Almost six in ten Scots would vote for independence if UK quits EU
Research by Ipsos MORI gives SNP a 33-point lead ahead of May’s election, writes Stephen Daisley.
Almost 60% of Scots would vote to quit the United Kingdom if Britain leaves the European Union, a new poll finds.
The survey commissioned by STV News shows strong Scottish support for Britain’s continuing membership of the EU and suggests a correlation between splitting from Brussels and increased backing for independence.
The research also finds a towering lead for the SNP ahead of May's Holyrood election and firm opposition to raising income tax.
Some 62% of Scots are inclined to support the remain campaign in the EU referendum, 26% expect to support the leave effort and 12% say they don’t know.
Across the nation as a whole, 55% of Britons will vote to stay while 36% will endorse Brexit, with 9% putting themselves down as don’t knows.
A further six in ten told pollsters from Ipsos MORI Scotland they had “definitely decided” how they would cast their ballot, while 36% admitted they may still change their mind.
In findings that will cause concern at Westminster, support for independence would receive a boost from a European breakaway.
Posed a hypothetical scenario in which Scotland votes to stay in the EU but the country overall votes to leave, 54% would subsequently back independence compared to 39% who would vote to keep the UK together. A further 7% did not know how they would vote.
Scots continue to hold contrasting attitudes towards London and Brussels. While a clear majority wish to pool sovereignty with the latter, most want to secede from the UK.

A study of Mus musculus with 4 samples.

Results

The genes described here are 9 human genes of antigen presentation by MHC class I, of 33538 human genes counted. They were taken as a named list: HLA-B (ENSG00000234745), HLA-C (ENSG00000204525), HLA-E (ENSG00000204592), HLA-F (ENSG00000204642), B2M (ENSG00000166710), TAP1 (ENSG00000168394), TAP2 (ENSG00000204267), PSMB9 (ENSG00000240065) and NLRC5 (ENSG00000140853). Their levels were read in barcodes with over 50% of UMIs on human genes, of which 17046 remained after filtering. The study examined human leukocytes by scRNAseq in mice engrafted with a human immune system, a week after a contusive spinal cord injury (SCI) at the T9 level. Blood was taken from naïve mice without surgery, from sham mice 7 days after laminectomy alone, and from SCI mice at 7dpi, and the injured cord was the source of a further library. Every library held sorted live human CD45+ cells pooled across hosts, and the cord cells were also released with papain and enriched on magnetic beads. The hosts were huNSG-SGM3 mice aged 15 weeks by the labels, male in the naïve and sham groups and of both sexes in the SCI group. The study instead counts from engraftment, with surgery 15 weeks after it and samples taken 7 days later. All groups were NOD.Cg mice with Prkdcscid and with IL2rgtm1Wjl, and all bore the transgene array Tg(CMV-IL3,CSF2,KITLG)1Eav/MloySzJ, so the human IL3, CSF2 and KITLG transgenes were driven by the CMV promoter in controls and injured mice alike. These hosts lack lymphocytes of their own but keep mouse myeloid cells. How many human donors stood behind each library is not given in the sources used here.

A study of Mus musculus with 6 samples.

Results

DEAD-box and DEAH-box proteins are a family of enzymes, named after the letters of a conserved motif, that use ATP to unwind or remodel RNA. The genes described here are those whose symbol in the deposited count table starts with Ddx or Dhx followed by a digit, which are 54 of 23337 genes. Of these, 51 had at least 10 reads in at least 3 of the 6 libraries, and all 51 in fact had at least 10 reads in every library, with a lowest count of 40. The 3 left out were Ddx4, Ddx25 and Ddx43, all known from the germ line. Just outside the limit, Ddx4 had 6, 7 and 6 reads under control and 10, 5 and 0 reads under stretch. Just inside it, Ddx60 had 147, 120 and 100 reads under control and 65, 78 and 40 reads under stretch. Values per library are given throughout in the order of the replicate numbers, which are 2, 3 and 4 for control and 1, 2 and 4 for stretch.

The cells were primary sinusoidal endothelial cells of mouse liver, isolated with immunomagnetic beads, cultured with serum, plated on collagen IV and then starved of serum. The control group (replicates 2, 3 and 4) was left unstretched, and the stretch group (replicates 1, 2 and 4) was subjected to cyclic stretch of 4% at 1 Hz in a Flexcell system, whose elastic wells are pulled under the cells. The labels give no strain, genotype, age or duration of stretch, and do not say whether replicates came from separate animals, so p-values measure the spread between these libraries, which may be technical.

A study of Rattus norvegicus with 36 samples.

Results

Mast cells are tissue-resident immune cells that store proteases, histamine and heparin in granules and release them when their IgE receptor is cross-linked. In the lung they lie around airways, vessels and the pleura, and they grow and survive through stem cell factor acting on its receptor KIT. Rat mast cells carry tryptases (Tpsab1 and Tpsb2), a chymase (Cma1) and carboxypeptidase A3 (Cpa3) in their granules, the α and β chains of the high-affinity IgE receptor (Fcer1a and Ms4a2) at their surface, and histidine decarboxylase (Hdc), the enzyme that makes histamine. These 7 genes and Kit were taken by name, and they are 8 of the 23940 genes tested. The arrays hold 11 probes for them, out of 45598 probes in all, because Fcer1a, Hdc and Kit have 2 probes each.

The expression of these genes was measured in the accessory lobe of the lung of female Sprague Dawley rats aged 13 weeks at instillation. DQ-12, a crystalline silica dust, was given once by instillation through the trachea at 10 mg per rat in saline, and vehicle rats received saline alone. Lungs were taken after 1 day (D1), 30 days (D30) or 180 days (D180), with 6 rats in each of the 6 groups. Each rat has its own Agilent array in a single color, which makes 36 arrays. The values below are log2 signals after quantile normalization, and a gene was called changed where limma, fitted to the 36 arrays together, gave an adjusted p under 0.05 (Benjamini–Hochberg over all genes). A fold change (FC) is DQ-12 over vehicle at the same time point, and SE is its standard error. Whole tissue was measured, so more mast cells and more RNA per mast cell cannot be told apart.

If a second independence referendum were held tomorrow, without any change in Britain’s relationship to the EU, 49% of Scots would cast their ballot for Yes, 45% for No and 5% said they didn't know. With don’t knows stripped out, 52% of Scots back independence while 48% oppose it.
The Ipsos MORI research also indicates the SNP is on course for another landslide victory in the Scottish Parliament election in May.
Among those likely to vote in May, 53% will give their constituency vote to the SNP, 20% to Scottish Labour, 16% to the Scottish Conservatives, 6% to the Scottish Liberal Democrats and 4% to other parties. This translates to a 33-point SNP lead over Labour.
This is largely in line with how Scots intend to cast their second ballot for regional MSPs, except for the level of support seen for the Scottish Greens.
Almost half (49%) say they will favour the SNP on the regional list, 19% will back Labour, 15% will support the Tories, 8% the Lib Dems and 6% the Greens. A further 2% will back other parties. Here the Nationalists enjoy a 30-point lead over the main opposition party.
The findings confirm the SNP’s unassailable electoral position north of the border and will make painful reading for Scottish Labour leader Kezia Dugdale, who appears not to have dented the unprecedented popularity of the Nationalists and Nicola Sturgeon.
The First Minister remains far and away the most popular politician in Scotland, with a net satisfaction rating of +39, an almost mirror image of attitudes to David Cameron, who scores -38.
Labour leader Jeremy Corbyn has still not won round voters in Scotland, where his net satisfaction sits at -13, although Kezia Dugdale rates at +5.
Scottish Tory leader Ruth Davidson sits on +8 while Scottish Lib Dem boss Willie Rennie is on -4. The public’s second-favourite political figure after Sturgeon is Scottish Green co-convener Patrick Harvie, who enjoys a +19 approval score.
The poll also calls into question assumptions about Scotland's attachment to social democratic principles. Asked their preferred policy on income tax, 54% said they wanted it to remain at the current level while a further 10% wish to see it cut by 1p in the pound. Less than a third (30%) support raising the levy by 1p and a further 7% said they did not know.
The results suggest Scottish Labour's proposal to hike income tax by 1p to offset Scottish Government cuts to council budgets will struggle to gain traction with the electorate.
Ipsos MORI conducted telephone interviews with 1000 people over the age of 16 between February 1 and 7. Where figures do not tally to 100%, this may be due to computer rounding or the exclusion of don’t knows.
Report by Stephen Daisley, STV’s digital politics and comment editor. You can contact him at firstname.lastname@example.org.